Madura McCormack | Nov. 28, 2012
Last call for CIO transformation, telcos and OTT players play nice and the rise of Myanmar

Despite problems in the European economy and the looming possibility of another US recession, market intelligence company IDC expects overall ICT growth in the Asia Pacific excluding Japan (APEJ) region for 2013 to be similar to 2012 at around 7.6 percent.

IDC notes that companies in the region don't regard the economic outlook in the US and Europe as a top concern for business but are more focused on how to grow and expand while keeping costs under control.

For spending, IDC expects eICT spending to increase by 26 percent in 2013. 'eICT' is a term coined by IDC and encompasses four areas; ICT, e-commerce, consumer electronics and entertainment applications and services.

"eICT will be a US$3 trillion market in 2013, four times larger than the ICT market which will bring in US$775 billion," predicted group VP for practice at IDC Asia Pacific Sandra Ng.

According to IDC, there are 10 major factors that will affect the overall growth of the ICT sector in 2013.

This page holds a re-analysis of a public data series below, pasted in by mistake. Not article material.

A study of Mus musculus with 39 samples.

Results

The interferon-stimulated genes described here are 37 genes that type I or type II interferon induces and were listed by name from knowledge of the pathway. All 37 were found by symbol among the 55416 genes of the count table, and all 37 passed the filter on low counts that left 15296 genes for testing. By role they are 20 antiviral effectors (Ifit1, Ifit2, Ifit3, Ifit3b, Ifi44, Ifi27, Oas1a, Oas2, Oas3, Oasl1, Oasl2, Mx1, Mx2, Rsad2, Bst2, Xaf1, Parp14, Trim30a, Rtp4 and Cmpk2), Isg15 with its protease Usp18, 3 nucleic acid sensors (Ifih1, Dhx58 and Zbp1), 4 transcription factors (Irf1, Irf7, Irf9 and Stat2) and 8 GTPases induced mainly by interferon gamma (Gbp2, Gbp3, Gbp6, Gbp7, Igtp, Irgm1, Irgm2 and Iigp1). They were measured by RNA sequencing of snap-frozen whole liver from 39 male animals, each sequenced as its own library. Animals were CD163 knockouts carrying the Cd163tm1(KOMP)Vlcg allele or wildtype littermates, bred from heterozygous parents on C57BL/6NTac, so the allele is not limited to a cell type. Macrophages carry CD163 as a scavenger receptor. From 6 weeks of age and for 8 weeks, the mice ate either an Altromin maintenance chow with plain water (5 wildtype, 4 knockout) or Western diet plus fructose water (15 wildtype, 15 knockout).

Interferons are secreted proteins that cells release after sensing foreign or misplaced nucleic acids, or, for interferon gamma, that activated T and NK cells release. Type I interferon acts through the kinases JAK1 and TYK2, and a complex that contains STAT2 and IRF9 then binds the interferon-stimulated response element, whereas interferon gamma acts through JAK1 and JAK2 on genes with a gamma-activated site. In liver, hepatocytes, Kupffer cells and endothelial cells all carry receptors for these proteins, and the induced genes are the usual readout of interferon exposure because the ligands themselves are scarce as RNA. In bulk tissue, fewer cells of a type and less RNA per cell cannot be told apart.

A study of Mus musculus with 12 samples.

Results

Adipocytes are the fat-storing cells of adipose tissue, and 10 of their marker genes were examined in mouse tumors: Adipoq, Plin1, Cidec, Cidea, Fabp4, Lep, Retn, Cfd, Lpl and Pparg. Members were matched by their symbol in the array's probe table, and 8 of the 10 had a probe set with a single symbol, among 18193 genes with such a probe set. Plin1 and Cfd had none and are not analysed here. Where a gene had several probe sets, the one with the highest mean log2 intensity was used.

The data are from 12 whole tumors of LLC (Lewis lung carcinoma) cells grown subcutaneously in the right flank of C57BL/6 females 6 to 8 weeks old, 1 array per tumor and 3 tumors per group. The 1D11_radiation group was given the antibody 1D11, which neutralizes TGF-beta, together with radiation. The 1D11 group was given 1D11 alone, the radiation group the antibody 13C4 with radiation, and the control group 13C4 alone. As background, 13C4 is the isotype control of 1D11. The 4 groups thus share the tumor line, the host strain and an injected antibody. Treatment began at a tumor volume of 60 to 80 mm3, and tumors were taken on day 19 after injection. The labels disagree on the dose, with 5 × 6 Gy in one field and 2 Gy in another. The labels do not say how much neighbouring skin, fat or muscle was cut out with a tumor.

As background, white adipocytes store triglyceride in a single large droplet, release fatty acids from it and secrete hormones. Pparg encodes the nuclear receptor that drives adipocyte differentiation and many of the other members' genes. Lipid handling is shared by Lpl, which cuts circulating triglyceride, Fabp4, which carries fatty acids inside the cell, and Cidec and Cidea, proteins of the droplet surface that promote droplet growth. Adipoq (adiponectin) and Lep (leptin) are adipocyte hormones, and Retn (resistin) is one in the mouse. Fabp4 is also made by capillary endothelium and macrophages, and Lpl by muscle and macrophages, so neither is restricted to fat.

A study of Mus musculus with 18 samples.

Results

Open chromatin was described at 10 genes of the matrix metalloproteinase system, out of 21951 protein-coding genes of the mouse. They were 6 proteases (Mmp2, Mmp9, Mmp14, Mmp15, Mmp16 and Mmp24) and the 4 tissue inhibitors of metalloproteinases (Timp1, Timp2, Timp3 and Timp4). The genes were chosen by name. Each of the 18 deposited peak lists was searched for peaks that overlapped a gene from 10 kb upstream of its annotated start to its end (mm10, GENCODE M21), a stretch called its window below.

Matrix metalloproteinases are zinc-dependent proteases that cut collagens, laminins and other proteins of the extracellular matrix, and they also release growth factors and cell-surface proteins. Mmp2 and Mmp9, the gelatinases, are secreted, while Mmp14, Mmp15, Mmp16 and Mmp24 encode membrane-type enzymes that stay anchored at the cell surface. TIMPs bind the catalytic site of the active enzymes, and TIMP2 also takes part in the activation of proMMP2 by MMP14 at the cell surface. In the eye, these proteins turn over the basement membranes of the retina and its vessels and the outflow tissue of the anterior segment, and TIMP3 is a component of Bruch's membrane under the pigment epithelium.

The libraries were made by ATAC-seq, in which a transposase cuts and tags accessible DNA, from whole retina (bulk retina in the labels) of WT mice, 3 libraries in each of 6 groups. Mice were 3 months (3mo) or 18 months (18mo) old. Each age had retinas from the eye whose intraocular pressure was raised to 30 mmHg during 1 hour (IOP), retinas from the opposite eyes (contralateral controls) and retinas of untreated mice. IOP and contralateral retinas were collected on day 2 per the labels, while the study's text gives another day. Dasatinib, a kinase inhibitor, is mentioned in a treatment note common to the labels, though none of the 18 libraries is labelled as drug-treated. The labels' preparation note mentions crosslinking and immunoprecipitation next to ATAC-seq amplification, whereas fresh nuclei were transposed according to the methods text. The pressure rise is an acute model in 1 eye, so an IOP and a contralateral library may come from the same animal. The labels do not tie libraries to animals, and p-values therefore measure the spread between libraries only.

Talent crunch

Singapore is starting to see the shrink of the labour pool with tightening restrictions of foreign employee importation and ratio limits. In Australia, the number of IT graduates have declined by 5.3 percent CAGR (compound annual growth rate).

"In India less than three percent of the workforce is employable without extra training and you have 16 percent of the population contributing 43 percent of the national income," said Ng.

IDC believes the talent shortage in the region will exacerbate in 2013, possibly stifling innovation as the ICT sector continues to increase its demand for skill specific executives.

For the CIO, 2013 will be a time for attention on staff skills, investment in training and rehiring when necessary, according to the report.

Surge of corporate tablets but watch for short sighted adoption plans

In what IDC calls the 'corporatisation of the consumer', users will increasingly be bringing their own tablets and smartphones into the office as productivity tools.

While BYOD is not a new trend and volumes are expected to grow to 46 percent for smartphones and 60 percent for tablets, IDC believes 2013 will see CIOs embrace the idea of the 'enterprise tablet' to meet the demands of their employees while allowing for a degree of manageability, integration and security.

IDC believes the Windows 8 operating platform will be the "saviour" of choice for CIOs but could be a short sighted approach if the OS does not win the hearts of the consumer. The resultant rejection of the enterprise tablet will see again, personal devices being used by 2014 and beyond.

Last call for CIO transformation

"Delivering projects on time, on budget and on quality are now simply housekeeping roles," said Ng.